Snacking should be banned on public transport and extra taxes placed on unhealthy foods to tackle child obesity, England’s outgoing Chief Medical Officer (CMO) says. In her final report as CMO, Dame Sally Davies also called for tighter rules on advertising and takeaways. She said children needed more help as they were “drowning in a flood” of unhealthy options. If ministers were not bold, she added, they would fail to cut obesity rates. A target to halve rates by 2030 has been set.
When asked whether there will be a radical action to tackle child obesity, Dame Sally said: “The unavoidable fact is that over time our environment has become very unhealthy without us realising. Our children are now suffering from painful, potentially life-limiting disease. Our politicians need to be bold and help everyone embrace healthier life choices.”
The obesity ‘crisis’
The proportion of obese and overweight children has doubled in the past 30 years. Today around a third are obese or overweight by the age of 11 in England with a minority, but growing number, classed as severely obese. The problem is most acute among girls – where the UK has one of the highest rates in the world. There are signs the increase has begun to level off, but among the most deprived communities rates are still increasing. Children living in the poorest tenth of areas are more than twice as likely to be obese than those in the richest. Obesity increases the risk of a range of diseases from cancer and heart disease to diabetes. In fact, until recently type two diabetes was considered an adult problem, but now there are more than 100 new cases each year among children.
What needs to be done?
Dame Sally has put forward a wide range of measures. Some are about extending existing policies, while others are completely new. They include:
- Phasing out all marketing, advertising and sponsorship of unhealthy food and drink
- Banning food and drink on local transport with exceptions for water, breast-feeding and medical conditions
- Free water refills to be available at all food outlets, transport stations and public sector buildings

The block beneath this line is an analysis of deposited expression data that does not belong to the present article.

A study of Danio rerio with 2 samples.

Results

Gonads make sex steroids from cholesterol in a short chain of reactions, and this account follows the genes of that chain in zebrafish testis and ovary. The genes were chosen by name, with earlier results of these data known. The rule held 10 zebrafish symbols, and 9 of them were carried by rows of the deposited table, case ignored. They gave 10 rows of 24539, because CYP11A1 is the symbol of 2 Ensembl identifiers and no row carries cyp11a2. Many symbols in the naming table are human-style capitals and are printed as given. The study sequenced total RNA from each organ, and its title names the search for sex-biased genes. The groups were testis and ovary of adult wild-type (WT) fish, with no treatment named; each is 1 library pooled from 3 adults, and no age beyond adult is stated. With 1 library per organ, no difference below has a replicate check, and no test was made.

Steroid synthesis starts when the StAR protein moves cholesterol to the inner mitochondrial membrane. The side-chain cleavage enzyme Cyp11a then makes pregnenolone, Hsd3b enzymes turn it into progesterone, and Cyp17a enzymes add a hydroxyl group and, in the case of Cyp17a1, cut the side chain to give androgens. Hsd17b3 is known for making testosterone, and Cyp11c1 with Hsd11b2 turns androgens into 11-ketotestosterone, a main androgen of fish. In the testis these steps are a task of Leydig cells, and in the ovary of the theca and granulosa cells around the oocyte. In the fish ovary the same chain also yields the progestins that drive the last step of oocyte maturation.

- Regular car-free weekends across the country to encourage physical activity
- Changing planning rules to make it harder to open fast-food takeaways
- Extending the sugar tax to include milk-based drinks
- Adding VAT to unhealthy food products that are currently zero-rated, such as cakes
- Capping calories in food served out-of-the home to combat rising portion sizes
- Consider plain packaging – as for tobacco – for junk food, if firms fail to reduce sugar, fat and salt in their products quickly enough
- All nurseries, registered childminders and schools to adopt water and milk-only policies.
Why stop people eating on buses and trains?
The most eye-catching announcement is the proposed ban on eating and drinking on public transport. This is squarely aimed at children on the way to and from school and so will only apply on local transport – trains, buses, trams and metro networks. Inter-city trains with buffet cars will not be covered, the CMO said. The idea is to discourage snacking. The ban will also apply to adults – she wants them to model good behaviour to children.
And she is suggesting there are exemptions for people who need to eat or drink because they have medical conditions that require them to. Breast-feeding would also be allowed, while everyone will be able to drink water.
What do you think will be the impact of this pronouncement in tackling obesity?